A centre for assault victims in Quebec City has received so many requests for help in 2017 that it can no longer deal with women as they call.

Instead it is placing their names on waiting lists, and telling them they will have to wait until someone is available in the days to come.

Julie Tremblay, general manager of Viol-Secours, said it's absolutely devastating.

"We can't meet them immediately and it's so hard, it tears us apart," she said.

The sexual assault help centre normally takes phone calls from those who have been sexually assaulted, then follows up in person with those who need it.

"It's hard for women because on one hand we tell them to speak out, to seek help, and to learn about preventing [sexual assault], but on the other hand when they're ready to come forward we are not capable of helping them because we don't have the financial resources to do so," said Tremblay.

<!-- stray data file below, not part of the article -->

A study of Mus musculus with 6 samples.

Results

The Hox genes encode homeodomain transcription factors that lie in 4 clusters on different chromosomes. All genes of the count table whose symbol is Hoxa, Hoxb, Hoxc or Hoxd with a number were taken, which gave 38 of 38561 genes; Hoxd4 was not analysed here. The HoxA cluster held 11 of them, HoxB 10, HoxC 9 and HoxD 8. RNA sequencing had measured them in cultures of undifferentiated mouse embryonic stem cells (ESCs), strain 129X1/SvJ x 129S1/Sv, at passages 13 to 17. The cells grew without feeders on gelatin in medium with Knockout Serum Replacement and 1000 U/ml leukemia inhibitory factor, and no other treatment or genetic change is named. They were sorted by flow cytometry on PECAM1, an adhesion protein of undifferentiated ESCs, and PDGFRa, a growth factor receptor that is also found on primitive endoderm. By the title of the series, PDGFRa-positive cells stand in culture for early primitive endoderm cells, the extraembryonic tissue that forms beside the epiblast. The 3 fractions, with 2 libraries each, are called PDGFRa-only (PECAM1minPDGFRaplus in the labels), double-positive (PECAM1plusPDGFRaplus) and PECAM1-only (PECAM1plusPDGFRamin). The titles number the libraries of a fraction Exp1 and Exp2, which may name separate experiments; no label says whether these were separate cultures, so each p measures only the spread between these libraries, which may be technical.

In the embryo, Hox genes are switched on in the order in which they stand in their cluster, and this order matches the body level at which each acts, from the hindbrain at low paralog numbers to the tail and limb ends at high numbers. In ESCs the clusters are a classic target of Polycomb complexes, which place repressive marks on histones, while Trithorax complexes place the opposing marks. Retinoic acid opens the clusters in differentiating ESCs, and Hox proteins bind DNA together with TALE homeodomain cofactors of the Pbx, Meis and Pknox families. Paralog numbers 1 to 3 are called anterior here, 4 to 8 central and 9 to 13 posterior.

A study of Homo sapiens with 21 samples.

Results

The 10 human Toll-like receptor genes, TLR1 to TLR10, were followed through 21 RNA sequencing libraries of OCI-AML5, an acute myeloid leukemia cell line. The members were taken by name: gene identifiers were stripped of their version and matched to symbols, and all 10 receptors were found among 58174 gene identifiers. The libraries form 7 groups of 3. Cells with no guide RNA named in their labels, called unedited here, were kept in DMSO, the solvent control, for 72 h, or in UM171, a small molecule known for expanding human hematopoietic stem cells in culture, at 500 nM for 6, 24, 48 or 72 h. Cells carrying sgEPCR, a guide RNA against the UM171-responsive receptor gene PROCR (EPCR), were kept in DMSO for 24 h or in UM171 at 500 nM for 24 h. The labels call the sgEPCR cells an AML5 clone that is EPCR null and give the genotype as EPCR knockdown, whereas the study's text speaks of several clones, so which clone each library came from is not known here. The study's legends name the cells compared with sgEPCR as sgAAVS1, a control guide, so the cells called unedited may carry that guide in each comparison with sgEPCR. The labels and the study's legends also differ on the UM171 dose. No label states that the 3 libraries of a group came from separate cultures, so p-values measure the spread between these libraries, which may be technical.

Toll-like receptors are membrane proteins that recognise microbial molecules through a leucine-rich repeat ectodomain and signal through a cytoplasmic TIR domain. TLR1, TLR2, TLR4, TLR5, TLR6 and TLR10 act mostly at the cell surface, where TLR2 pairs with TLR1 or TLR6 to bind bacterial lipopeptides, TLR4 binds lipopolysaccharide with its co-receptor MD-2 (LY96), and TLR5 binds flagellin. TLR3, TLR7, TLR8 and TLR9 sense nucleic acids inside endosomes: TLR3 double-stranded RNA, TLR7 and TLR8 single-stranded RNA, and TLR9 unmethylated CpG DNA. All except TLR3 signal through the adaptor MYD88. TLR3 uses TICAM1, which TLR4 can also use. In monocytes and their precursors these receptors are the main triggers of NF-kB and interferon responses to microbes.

She said the sea change came this year when celebrities began being denounced for sexual assault.

"There's a direct impact. As soon as the denunciations hit the press, became public, immediately we saw an increase in demand for our services," said Tremblay.

Help is on the way.

In the fall the Quebec government announced it would provide additional funding over several years.

Viol-Secours is getting $55,000 that it will use to hire one more staffperson in January.

Meanwhile the Sureté du Quebec is going to re-evaluate sexual assault cases that were determined to be unfounded with advocacy groups helping oversee the process.

Public Security Minister Martin Coiteux hopes other police forces will do the same.

"We will share from that experience with all police services throughout the province and I hope that this good idea will spread," said Coiteux.

Tremblay is encouraged by the change in attitude from the provincial government and other authorities.

But she is still hoping that women who have found the courage to make accusations are willing to be patient a little while longer.